The city’s traffic division was directed by city council Monday to gather information for a pilot project involving flashing red and yellow lights at selected intersections in the city.

The lights at the intersections in question currently flash through the usual green-yellow-red cycle throughout the night, but under the pilot project, would flash just yellow between 11 a.m. and 6 p.m. (east and westbound), and just flash red for vehicles heading north and south in those same hours. 

The pilot project lights would flash between 11 p.m. and 6 a.m. at the intersections of Wellington Street West and Lyons Avenue, Lyons Avenue and Patrick Street, Korah Road and Wallace Terrace and Wallace Terrace and Goulais Avenue.

There would be flashing yellow lights for east and westbound traffic on Wallace Terrace, Lyons Avenue and Wellington Street West, with the flashing red lights for all intersecting streets.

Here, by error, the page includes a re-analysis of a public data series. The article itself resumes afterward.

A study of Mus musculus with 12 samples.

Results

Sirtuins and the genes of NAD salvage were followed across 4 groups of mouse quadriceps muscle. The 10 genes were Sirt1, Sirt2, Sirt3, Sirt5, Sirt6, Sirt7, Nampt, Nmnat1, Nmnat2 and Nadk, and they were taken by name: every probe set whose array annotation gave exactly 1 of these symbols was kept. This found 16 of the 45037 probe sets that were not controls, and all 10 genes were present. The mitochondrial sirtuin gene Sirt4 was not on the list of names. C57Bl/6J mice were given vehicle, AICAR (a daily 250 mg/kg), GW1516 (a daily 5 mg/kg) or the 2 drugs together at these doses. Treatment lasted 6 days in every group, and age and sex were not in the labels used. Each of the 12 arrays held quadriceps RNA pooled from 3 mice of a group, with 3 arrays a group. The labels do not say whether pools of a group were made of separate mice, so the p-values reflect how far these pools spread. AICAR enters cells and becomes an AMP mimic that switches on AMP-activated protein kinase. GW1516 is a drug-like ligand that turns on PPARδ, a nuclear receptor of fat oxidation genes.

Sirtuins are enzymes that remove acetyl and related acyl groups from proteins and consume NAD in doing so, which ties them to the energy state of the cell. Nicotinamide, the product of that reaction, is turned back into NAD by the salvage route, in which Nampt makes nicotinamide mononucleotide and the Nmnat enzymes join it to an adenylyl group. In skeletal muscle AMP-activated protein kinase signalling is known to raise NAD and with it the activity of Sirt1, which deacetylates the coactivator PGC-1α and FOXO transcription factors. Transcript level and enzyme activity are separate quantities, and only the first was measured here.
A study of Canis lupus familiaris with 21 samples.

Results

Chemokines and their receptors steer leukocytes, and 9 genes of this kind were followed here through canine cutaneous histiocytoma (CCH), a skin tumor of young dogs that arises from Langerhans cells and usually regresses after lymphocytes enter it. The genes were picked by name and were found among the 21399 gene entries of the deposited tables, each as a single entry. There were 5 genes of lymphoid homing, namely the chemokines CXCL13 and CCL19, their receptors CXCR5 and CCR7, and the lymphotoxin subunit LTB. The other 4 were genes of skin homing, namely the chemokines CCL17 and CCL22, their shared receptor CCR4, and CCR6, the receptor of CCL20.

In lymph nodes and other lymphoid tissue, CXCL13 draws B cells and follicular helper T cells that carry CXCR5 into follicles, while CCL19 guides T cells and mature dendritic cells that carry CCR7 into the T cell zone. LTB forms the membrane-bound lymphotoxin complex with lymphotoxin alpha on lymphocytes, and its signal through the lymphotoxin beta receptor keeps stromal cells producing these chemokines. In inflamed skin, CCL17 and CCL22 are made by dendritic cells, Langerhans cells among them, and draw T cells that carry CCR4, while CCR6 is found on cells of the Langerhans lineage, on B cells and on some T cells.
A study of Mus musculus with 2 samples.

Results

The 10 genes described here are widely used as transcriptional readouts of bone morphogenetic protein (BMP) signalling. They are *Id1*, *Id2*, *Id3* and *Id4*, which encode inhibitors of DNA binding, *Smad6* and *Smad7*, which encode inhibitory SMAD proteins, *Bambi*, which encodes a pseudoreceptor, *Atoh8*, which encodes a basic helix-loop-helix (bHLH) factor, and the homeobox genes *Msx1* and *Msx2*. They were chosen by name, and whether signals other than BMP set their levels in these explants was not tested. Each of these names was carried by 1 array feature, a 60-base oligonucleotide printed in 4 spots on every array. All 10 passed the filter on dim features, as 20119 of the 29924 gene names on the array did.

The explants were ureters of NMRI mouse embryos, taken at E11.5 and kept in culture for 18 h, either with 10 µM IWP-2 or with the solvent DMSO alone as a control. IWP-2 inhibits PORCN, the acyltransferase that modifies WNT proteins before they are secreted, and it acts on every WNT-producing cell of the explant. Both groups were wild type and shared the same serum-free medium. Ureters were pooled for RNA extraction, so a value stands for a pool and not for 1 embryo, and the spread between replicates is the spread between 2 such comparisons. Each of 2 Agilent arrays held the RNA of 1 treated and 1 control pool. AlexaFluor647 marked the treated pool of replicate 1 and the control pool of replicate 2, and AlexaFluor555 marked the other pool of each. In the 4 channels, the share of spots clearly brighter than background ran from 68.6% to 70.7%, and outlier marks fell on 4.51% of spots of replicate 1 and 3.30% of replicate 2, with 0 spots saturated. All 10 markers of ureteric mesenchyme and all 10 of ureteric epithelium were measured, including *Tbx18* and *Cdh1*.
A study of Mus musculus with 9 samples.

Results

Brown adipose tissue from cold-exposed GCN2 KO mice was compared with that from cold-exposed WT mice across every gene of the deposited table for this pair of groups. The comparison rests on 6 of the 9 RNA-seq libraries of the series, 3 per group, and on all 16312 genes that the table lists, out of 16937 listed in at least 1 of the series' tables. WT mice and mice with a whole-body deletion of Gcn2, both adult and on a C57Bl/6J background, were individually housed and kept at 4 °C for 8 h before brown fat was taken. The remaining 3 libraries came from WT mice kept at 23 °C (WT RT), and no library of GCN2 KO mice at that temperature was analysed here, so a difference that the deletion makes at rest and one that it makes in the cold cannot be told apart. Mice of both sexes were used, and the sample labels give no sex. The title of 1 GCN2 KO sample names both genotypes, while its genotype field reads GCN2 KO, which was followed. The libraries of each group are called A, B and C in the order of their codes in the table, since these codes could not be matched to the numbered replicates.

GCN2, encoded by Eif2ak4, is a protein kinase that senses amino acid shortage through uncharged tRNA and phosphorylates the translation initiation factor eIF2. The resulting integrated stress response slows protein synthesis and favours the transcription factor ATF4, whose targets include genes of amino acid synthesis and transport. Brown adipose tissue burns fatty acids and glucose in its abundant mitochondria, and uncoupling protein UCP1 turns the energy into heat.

Council would like the flashing light pilot project carried out over a 24-month period, at a few intersections during non-peak, overnight hours, before deciding if it is feasible to add more flashing lights at more intersections throughout the city.

The request for information from the traffic division stems from a public survey completed by nearly 1,100 residents, contained within the Transportation Master Plan, which showed a desire from residents to have flashing red and yellow lights at certain intersections.

Along with the cost of installing the lights, the traffic division is also being asked to determine if the volume of traffic at those intersections between 11 p.m. and 6 a.m. would be below the provincial level to allow for flashing red lights (200 vehicles per hour), what the level of pedestrian traffic would be at those intersections in those hours, along with tallying up the number of accidents at those intersections over a 24-month period.

 

 




About the Author: Darren Taylor

Darren Taylor is a news reporter and photographer in Sault Ste Marie. He regularly covers community events, political announcements and numerous board meetings. With a background in TV and Radio, Darren has been a reporter for 15 years.